Good Roads for Texas
"Road Hogs and Speed Cranks"
Returning from the hunt in Orange, Texas, circa 1910.
Prints and Photographs Collection, 1975/70-1755
It would be another three years before the second car arrived in Texas, purchased as a company vehicle for the Texas & Pacific Railroad. By 1903, there were enough cars in Texas to stage the first road race, in which enthusiasts raced the 45 miles from Fort Worth to Dallas with a rather impressive winning time of one hour and 35 minutes.
The early vehicles required patience, tinkering, and a high level of mechanical skill. Automobile buffs were regarded by most Texans as wealthy eccentrics, or, as one official in Grayson County put it, “road hogs and speed cranks.” But rapidly evolving technology was soon to change that. In 1904, Olds Motors Works produced the first successful American car, and in 1908, Henry Ford made one of industry’s great breakthroughs, producing a car that combined European quality with the breathtaking cost savings achieved by mass production.
Ford’s car, called simply the Model T, cost under $600 (about $13,000 in today’s dollars)—well within the reach of a huge swath of the American public. Moreover, Ford had designed the car specifically for bad roads. Ford’s innovation sparked explosive growth in automobile ownership. By 1910, there were about 14,000 cars in Texas. By 1917, there were more than 200,000.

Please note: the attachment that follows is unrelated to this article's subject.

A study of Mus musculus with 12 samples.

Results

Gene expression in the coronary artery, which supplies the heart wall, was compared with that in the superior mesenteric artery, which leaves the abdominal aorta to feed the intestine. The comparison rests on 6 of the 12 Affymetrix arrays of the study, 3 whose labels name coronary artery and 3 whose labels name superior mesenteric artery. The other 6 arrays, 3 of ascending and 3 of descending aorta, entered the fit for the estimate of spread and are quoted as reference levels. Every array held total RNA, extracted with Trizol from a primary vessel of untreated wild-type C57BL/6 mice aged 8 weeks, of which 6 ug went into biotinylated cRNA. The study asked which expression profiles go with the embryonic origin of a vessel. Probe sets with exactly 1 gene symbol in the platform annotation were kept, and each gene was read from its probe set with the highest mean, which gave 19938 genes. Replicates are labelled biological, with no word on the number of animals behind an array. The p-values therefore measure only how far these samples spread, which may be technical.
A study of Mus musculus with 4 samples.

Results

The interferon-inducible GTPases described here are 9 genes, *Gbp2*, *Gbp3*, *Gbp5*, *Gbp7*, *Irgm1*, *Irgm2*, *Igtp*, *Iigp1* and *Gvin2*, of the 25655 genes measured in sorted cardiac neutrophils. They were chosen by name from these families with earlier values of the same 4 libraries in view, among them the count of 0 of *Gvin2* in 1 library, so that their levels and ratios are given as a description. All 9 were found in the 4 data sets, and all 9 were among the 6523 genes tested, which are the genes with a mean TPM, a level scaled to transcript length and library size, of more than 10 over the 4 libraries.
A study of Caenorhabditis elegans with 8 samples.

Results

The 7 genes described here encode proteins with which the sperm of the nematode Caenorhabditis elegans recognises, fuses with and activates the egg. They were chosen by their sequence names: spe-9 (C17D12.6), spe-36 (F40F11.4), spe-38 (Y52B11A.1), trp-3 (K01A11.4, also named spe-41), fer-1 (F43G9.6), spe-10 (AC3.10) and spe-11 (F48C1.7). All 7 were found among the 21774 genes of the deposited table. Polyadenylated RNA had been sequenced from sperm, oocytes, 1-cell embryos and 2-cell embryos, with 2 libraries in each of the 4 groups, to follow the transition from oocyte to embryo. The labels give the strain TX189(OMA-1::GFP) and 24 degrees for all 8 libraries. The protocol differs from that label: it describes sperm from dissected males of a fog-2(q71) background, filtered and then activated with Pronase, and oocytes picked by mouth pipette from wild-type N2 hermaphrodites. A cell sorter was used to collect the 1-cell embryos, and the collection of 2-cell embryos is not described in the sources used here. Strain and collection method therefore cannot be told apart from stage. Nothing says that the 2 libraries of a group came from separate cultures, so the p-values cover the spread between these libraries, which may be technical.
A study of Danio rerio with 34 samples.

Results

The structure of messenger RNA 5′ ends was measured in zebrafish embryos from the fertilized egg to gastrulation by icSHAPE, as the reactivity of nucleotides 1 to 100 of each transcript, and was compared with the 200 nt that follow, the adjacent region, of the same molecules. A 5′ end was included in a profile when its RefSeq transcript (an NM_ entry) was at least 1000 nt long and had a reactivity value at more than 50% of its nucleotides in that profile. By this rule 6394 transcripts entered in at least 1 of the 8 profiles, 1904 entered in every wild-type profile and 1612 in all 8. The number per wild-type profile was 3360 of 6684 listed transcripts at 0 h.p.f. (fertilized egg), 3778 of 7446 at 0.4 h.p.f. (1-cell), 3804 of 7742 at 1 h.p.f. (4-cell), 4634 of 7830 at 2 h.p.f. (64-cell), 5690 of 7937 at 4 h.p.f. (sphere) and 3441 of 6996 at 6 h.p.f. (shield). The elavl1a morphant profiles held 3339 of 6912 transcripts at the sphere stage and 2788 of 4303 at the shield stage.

All across the country, roads did not keep pace. The first edition of the American Automobile Association’s “blue book” of auto routes, published in 1910, recommended that members setting out on a road trip take along a shovel, crowbar, and axe; rope, chains, and mud hooks; cement; a flash light and compass; spare parts; and a gun. Texas members were advised to add a pick and a barbed-wire cutter to the kit.
Increasingly, the old county system of road building was seen as antiquated and wasteful, and across the board in Texas, the call for good roads grew louder. It seemed roads were something everyone could agree on: Democrats and Republicans, progressives and populists, the press, a string of governors, even farmers and their traditional enemies, the railroads (who clearly did not foresee the development of long-haul trucking and commercial bus lines). Beginning in 1903, every legislative session saw a bill introduced to hire a state engineer to plan for a highway system, set road building standards, and make maps.
Yet in spite of the public clamor for roads, these bills repeatedly failed. One overriding issue was funding, but memories of Reconstruction also played a role. Many legislators and county officials had bitter memories of the central control that the state had been forced to endure in the aftermath of the Civil War. The idea of the state removing such a major responsibility as road-building from county control was politically unacceptable to an entire generation of leadership.